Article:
WHO Sees Video Game Addiction as a Mental Health Problem
The World Health Organization classified a new kind of mental disease on Monday. It seems that now, a person that compulsively plays video games is suffering from a mental health condition.
The reactions were, obviously, mixed. Parent’s fears were confirmed adding to their existing worries, and critics warned that the WHO statement might stigmatize young video players.
The UN health agency stated that the new classification of the condition as a separate mental disease would “serve a public health purpose for countries to be better prepared to identify this issue.”
The one that accepted that “Gaming Disorder” to be listed as a new mental health problem is Dr. Shekhar Saxena (director of WHO’s department for mental health). Saxena explains that the new classification was done after scientific evidence and seeing “the need and the demand for treatment in many parts of the world.”
British Psychological Society spokeswoman Dr. Joan Harvey stated that the disorder only affects a minority of gamers and that this classification will concern many parents:
“People need to understand this doesn’t mean every child who spends hours in their room playing games is an addict, otherwise medics are going to be flooded with requests for help.”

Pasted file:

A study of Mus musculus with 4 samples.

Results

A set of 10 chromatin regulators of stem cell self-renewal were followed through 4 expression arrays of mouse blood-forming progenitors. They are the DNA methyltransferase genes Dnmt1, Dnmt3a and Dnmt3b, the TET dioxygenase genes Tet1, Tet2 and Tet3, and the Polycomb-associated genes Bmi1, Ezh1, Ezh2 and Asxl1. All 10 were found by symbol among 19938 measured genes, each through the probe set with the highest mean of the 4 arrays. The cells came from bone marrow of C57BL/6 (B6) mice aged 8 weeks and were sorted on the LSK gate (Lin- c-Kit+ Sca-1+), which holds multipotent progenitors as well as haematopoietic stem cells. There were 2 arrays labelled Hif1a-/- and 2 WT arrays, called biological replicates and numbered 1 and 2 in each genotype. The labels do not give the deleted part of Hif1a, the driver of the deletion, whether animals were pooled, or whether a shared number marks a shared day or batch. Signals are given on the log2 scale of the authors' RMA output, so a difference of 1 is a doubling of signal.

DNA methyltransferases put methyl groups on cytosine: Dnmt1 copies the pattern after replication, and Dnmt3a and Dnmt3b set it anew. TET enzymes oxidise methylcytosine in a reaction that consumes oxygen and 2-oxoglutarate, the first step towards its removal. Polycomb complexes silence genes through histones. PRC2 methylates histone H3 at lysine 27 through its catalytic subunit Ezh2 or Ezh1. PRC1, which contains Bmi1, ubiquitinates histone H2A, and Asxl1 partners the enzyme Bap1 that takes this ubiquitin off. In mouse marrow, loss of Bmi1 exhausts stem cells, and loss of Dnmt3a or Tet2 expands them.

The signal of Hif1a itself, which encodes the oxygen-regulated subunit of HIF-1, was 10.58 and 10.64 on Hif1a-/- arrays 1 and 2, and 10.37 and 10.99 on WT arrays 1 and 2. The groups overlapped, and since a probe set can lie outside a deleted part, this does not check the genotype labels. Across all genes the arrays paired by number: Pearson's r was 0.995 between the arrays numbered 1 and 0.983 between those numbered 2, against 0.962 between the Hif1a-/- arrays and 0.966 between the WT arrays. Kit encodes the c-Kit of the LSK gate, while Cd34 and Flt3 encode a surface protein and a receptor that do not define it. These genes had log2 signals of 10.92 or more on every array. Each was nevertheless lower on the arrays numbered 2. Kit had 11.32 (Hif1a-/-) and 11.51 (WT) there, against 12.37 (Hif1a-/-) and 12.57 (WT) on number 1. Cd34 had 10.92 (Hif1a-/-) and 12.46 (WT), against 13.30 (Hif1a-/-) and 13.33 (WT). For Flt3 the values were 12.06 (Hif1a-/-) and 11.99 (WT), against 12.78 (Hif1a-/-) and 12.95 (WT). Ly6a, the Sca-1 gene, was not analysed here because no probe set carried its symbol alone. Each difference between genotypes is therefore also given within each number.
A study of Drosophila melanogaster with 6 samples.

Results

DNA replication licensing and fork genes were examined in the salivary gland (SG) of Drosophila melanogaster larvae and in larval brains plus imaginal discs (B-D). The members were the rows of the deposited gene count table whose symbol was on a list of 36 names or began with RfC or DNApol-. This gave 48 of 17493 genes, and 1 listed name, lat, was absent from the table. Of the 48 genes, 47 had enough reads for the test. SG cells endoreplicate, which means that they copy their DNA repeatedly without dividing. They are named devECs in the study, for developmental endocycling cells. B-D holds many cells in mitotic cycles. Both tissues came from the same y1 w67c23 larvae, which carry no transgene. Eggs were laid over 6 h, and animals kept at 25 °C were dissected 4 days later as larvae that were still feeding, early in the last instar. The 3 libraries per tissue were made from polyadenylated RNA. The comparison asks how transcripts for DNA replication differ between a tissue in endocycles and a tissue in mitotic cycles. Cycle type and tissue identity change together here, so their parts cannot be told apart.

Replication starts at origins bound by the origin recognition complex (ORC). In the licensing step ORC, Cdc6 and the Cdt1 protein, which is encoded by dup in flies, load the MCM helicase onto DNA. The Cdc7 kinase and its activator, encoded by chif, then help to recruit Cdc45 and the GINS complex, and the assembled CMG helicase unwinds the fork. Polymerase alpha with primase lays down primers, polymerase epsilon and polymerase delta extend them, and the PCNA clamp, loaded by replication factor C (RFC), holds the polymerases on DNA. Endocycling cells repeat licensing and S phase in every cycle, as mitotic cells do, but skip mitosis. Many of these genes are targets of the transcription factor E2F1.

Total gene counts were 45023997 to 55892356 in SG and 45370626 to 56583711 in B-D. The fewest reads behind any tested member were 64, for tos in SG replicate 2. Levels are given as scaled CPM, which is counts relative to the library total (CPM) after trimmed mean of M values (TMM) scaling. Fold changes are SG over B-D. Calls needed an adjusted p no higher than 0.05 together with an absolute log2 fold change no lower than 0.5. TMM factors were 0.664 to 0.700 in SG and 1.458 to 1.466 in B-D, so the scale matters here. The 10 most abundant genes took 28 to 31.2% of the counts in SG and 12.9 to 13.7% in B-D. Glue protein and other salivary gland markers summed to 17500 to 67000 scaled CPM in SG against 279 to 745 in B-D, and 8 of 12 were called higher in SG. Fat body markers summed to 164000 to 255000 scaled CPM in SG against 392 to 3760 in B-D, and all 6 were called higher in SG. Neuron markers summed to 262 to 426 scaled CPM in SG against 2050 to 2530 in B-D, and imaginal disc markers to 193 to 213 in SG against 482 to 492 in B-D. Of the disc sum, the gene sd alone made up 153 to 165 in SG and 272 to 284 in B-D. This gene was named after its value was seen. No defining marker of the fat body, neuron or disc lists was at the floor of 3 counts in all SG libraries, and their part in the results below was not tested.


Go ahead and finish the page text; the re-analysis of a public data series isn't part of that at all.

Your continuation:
In the US, the American Psychiatric Association has not classified “Gaming Disorder” as a new mental health problem. They stated that it’s a “condition warranting more clinical research and experience before it might be considered for inclusion.” The group also noted that there is scientific literature on compulsive gamers, but it’s based only on evidence on young men in Asia:
“The studies suggest that when these individuals are engrossed in Internet games, certain pathways in their brains are triggered in the same direct and intense way that a drug addict’s brain is affected by a particular substance. The gaming prompts a neurological response that influences feelings of pleasure and reward, and the result, in the extreme, is manifested as addictive behavior,” wrote the association in a 2013 statement.
It’s Like Gambling – Gamers Use Points
Dr. Mark Griffiths, distinguished professor of behavioral addiction at Nottingham Trent University, has researched the video gaming disorder for 30 years, and admits that the classification can help legitimize the problem:
“Video gaming is like a non-financial kind of gambling from a psychological point of view. Gamblers use money as a way of keeping score whereas gamers use points.”
However, he stated that video game players that have a compulsive disorder are a lot less than 1%. Many of those that suffer from the disorder might have other problems like depression, bipolar disorder or autism. WHO’s Saxena’s estimations are higher: 2-3%.
Griffith explains that most of the people play games for fun:
“You have these short, obsessive bursts and yes, people are playing a lot, but it’s not an addiction.”
Doris’s passion for writing started to take shape in college where she was editor-in-chief of the college newspaper. Even though she ended up working in IT for more than 7 years, she’s now back to what he always enjoyed doing. With a true passion for technology, Doris mostly covers tech-related topics.